Varese Sarabande Club (VCL 0702 1011)
Release Date: 2002
Conducted by John Williams
Best of 2002: Best Special Release
|2.||Out Of The Water||0:43|
|3.||The Train Wreck||0:40|
|4.||Through The Alley||0:52|
|5.||The Fog Scene||2:36|
|8.||Vision On The Stairs||1:48|
|14.||Death On The Carousel||2:30|
|18.||Approaching The House||2:04|
|21.||Father Meets Son||4:05|
|3.||Vision On The Stairs||4:03|
|4.||Hester's Theme and the House||4:31|
|6.||The Search For Robin||2:38|
|8.||Death On The Carousel and End Title||8:21|
|Total Album Time:||95:24|
|by Daniel Brecher
on December 13th, 2004
Themes of psychological horror were proving to be most popular in Hollywood in the seventies once The Exorcist took a hold of audiences in 1973 (though the spark of interest can date back to 1968 with Rosemary's Baby). It was not until the year of 1978 that another pivotal turning point in motion picture horror came with the release of John carpenter's Halloween however, but the intervening years between the two were most certainly not without other exploits in the genre.
Following his success with Carrie in 1976, director Brian DePalma tackled somewhat related subject matter in another adaptation of a novel, this time with John Farris' The Fury. It's a film that perhaps shies a good way from being great. This is not to discredit it entirely mind you, for DePalma's skill behind the camera does make a watchable thriller out of what could have been a complete disaster in the hands of a lesser director, and the lead performers too (Kirk Douglas, Amy Irving and the late John Cassavettes) all put in good enough performances, but it is truly the score that stands as the films greatest asset.
By this point in '78, John Williams had already given much to the world of film music with scores for a number of popular disaster epics, Hitchcock's final feature and of course the early works of director Steven Spielberg, and it was not long after Spielberg's Close Encounters of the Third Kind that Brian DePalma sought Williams to score The Fury.
The resulting score is vintage Williams, a shameless love letter to Bernard Herrmann at its core yet a score left sadly unheard by many. In 2002 Varese issued a Deluxe Edition - a double CD release limited to 3,000 copies comprising of the original soundtrack recording on disc one, and the album re-recording on disc two.
Marking the first ever release of the complete original score recording, including some unused material, disc one totalling twenty-three tracks in all is certainly where the meat of this release lies. The score serves to be a highly effective ominous, often schizophrenic treat where calls to the relentless driving penetration of strings so common in Herrmann's thrillers surface in maintaining the tension. "Gillian's Power," the penultimate track, proves to be an exceptional climax in highlighting this fact, strengthened here notably by the presence of a theremin. The score was one to add a great deal of credence to the rather clichéd hokum unfolding on screen, but outside of the film the score remains equal in enforcing a tremendous presence in its own right.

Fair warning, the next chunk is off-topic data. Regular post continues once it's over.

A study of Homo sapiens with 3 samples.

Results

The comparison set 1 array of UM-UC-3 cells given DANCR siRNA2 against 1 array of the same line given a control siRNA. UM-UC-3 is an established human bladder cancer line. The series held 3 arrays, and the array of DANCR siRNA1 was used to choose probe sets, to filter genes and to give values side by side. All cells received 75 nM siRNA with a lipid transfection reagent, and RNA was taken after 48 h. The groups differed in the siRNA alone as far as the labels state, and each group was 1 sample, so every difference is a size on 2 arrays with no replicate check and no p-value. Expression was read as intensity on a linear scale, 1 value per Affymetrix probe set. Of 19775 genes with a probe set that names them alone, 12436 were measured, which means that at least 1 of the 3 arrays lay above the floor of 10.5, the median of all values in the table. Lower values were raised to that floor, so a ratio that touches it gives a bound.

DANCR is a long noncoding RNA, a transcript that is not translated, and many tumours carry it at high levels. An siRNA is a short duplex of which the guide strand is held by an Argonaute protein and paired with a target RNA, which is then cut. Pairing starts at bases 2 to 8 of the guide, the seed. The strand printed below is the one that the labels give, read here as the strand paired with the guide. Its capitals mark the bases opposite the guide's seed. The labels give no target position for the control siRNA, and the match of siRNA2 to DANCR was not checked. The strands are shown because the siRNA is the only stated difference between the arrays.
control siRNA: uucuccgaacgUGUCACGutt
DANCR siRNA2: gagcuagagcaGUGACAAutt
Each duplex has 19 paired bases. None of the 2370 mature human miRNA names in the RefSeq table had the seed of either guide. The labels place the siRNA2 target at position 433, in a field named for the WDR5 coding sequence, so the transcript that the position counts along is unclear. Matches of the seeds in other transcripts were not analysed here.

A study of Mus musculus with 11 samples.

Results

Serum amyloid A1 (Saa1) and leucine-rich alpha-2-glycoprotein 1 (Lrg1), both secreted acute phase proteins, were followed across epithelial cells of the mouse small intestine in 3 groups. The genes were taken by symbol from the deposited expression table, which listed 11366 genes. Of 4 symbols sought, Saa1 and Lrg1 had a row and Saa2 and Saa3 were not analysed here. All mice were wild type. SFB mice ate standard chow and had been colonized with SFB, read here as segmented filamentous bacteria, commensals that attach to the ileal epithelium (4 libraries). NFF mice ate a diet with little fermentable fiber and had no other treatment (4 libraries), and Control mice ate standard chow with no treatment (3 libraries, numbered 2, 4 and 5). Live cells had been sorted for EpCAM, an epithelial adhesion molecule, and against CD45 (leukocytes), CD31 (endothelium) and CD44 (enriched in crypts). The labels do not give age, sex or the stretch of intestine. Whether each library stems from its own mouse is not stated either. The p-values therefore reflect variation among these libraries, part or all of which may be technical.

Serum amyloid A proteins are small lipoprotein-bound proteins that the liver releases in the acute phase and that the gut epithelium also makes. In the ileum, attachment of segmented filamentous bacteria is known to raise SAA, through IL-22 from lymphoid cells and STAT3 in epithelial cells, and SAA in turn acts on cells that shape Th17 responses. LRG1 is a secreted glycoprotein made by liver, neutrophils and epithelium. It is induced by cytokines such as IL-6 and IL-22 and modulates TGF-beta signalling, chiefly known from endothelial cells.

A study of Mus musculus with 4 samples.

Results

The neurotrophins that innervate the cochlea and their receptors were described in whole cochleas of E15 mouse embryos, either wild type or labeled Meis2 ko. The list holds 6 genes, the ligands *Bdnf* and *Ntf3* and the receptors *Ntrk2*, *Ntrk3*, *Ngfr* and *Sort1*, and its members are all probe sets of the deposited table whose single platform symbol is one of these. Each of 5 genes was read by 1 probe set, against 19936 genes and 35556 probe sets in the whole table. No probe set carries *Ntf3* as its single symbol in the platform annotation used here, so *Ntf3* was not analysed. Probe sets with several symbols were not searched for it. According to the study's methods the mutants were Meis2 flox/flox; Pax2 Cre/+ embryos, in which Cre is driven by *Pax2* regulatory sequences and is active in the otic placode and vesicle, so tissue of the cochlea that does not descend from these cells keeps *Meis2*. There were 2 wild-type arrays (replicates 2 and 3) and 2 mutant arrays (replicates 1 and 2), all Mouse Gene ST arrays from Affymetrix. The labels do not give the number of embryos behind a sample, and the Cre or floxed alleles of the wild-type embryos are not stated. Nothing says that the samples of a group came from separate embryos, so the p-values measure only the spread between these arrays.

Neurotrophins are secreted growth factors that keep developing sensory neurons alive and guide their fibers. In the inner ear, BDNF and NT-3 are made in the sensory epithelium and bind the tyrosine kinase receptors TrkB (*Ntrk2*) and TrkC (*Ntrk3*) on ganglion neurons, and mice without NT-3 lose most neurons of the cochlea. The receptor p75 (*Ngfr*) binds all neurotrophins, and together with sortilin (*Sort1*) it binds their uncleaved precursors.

With the listener often left feeling both psychologically and physically stalked we are allowed moments to breathe, a favourite being "Before Dinner" which whilst short and sweet is effectively calming without losing its sinister undertone. We rarely seem to be without the theme haunting us in one form or another.
The content of disc two represents the original score album released in 1978, a re-recording with the London Symphony Orchestra recorded in England, according to the liner notes, during a short open window Williams and the orchestra had prior to beginning their collaboration on Superman. There are nine tracks.
The re-recording serves to be an interesting listen, and far from necessarily being an inferior one to that of the original recording. The re-addressed orchestration for the music represented on the original album certainly resembles that certain symphonic sound Williams' works took on as he approached the 1980s, the resulting quality also thanks in part to the London Symphony Orchestra itself, for it certainly bears that often recognisable LSO sound. I actually came to instantly prefer the more embodied sound of the film's main theme as heard in track one ('Main Titles'), and most notably in "Epilogue," track nine, which in addition plays out on an absolutely exquisitely sombre note venturing thematically into an area the original score recording does not quite reach.
The content of disc two on the separate album release (also from Varese) does in fact carry one cue, "Death on the Carousel," from the original recording, a track not present on disc two of the Deluxe Edition due to its integration with the rest of the original recording on disc one.
So finally comes the unfortunate reality for those who have yet to own The Fury. The Deluxe Edition has since sold its entire run, and the separate re-recording release remains out of print in its own right, leaving collectors to scour the internet in the hope of finding either version. Once found, it is certainly a score to cherish, and I say that obviously of the Deluxe Edition first and foremost, but the re-recording itself is by no means a disc one should turn a blind eye to should it be found.